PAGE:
A couple of weeks ago in this Ann Arbor motor vehicle accidents blog, we discussed a stunning study about how many Americans might be falling asleep behind the wheel. This week, shortly after the Centers for Disease Control and Prevention announced that more than 4 percent of Americans might be dozing off while driving, the Food and Drug Administration has officially recommended lower doses of sleep aids--citing problems and risks linked to drowsiness.

The recommendation applied to drugs that contain the widely used ingredient zolpidem, such as Ambien. Apparently, when women take sleep aids that contain this ingredient, the drug is likely to remain in their system through the morning causing them to be drowsy and impaired while driving.

The lower doses will mean that less of the drug will remain in the system in the morning.

The new recommendation only affects women because the drug reportedly metabolizes slower in women. Up to 15 percent of women reportedly still have a high level of zolpidem in their systems eight hours after consuming the drug compared to only 3 percent of men.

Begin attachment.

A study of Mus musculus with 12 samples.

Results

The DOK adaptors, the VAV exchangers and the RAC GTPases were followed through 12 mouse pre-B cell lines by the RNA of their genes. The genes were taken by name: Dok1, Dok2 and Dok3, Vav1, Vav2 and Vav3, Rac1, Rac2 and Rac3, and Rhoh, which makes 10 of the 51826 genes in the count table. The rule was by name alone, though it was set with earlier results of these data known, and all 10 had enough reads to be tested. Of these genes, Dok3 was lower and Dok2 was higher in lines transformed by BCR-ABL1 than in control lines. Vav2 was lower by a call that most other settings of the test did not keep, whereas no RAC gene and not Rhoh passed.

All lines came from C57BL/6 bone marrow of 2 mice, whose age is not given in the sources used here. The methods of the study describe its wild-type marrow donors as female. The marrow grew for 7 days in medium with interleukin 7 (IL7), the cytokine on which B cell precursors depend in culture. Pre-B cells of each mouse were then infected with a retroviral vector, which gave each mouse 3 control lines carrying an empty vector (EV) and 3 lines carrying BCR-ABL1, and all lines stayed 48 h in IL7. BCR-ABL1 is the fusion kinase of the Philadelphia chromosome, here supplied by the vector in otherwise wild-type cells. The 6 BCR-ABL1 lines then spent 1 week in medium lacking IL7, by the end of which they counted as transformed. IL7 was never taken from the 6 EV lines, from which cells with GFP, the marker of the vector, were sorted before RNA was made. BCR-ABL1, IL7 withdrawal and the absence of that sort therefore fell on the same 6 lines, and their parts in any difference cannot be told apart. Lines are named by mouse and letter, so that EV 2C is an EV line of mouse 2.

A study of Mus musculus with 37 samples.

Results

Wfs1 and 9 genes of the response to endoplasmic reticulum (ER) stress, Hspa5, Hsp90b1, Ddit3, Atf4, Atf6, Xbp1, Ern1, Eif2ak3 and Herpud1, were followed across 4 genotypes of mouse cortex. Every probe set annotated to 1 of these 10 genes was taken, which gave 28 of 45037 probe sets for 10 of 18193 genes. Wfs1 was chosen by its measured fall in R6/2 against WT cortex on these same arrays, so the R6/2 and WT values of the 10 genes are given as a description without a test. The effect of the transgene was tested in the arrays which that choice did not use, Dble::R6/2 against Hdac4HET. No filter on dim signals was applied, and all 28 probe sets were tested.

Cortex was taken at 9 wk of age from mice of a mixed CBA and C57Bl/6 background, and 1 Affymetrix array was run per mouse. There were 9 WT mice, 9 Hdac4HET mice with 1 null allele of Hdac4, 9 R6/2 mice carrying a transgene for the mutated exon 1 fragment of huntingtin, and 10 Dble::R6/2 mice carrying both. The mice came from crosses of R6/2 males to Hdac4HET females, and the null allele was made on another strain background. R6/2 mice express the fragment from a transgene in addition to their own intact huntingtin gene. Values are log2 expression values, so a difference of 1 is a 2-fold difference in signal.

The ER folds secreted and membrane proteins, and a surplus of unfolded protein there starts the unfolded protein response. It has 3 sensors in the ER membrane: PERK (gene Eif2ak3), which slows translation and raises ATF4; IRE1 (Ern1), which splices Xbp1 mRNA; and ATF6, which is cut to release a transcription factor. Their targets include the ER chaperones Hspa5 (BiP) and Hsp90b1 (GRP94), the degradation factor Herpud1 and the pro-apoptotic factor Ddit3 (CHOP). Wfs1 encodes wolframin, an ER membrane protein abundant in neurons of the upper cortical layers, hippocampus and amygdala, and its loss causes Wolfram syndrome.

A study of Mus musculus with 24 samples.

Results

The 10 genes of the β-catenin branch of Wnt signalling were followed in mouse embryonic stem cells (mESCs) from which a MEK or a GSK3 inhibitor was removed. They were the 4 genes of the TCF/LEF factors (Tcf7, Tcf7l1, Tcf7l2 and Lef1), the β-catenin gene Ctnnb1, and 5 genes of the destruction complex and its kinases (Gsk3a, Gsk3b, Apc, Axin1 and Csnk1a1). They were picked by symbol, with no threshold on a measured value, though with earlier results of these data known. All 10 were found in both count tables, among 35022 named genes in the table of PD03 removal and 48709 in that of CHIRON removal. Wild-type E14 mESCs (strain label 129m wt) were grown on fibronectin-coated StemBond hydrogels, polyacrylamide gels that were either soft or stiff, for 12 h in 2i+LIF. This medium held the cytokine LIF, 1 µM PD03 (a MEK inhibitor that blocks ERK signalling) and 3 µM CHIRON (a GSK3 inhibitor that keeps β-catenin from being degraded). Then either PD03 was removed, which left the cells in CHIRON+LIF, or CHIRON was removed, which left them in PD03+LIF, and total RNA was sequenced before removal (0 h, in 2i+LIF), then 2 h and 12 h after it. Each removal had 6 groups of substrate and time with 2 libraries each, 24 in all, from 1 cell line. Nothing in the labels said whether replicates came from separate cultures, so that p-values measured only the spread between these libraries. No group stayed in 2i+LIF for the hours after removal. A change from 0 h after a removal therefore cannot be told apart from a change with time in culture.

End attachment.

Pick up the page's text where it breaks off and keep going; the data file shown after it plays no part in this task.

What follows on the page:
The recommendation is significant because so many Americans take sleep aids. In fact, one health care information and technology company reported that 60 million prescriptions were filled in 2011. Two-thirds of these contained zolpidem.

FDA officials stated that they have received around 700 reports of driving problems due to zolpidem.

The agency has recommended cutting the recommended dosage in half for women, from 10 milligrams to 5 for immediate-release products. Extended-release products should be lowered from 12.5 to 6.25.

It is good to see that government agencies are taking drowsy driving seriously. Driving while fatigued is a form of impaired driving and it results in car accidents, injuries and death far too often. Those who get behind the wheel and doze off may be held accountable in criminal and civil court.

Source: New York Times, "Drug Agency Recommends Lower Doses of Sleep Aids for Women," Sabrina Tavernise, Jan. 10, 2013

  • Our personal injury law firm helps hold negligent drivers accountable when people are injured or killed in car accidents. To learn more about the legal recourse and compensation that is available to victims of car accidents, please go to our firm's Car Accidents page.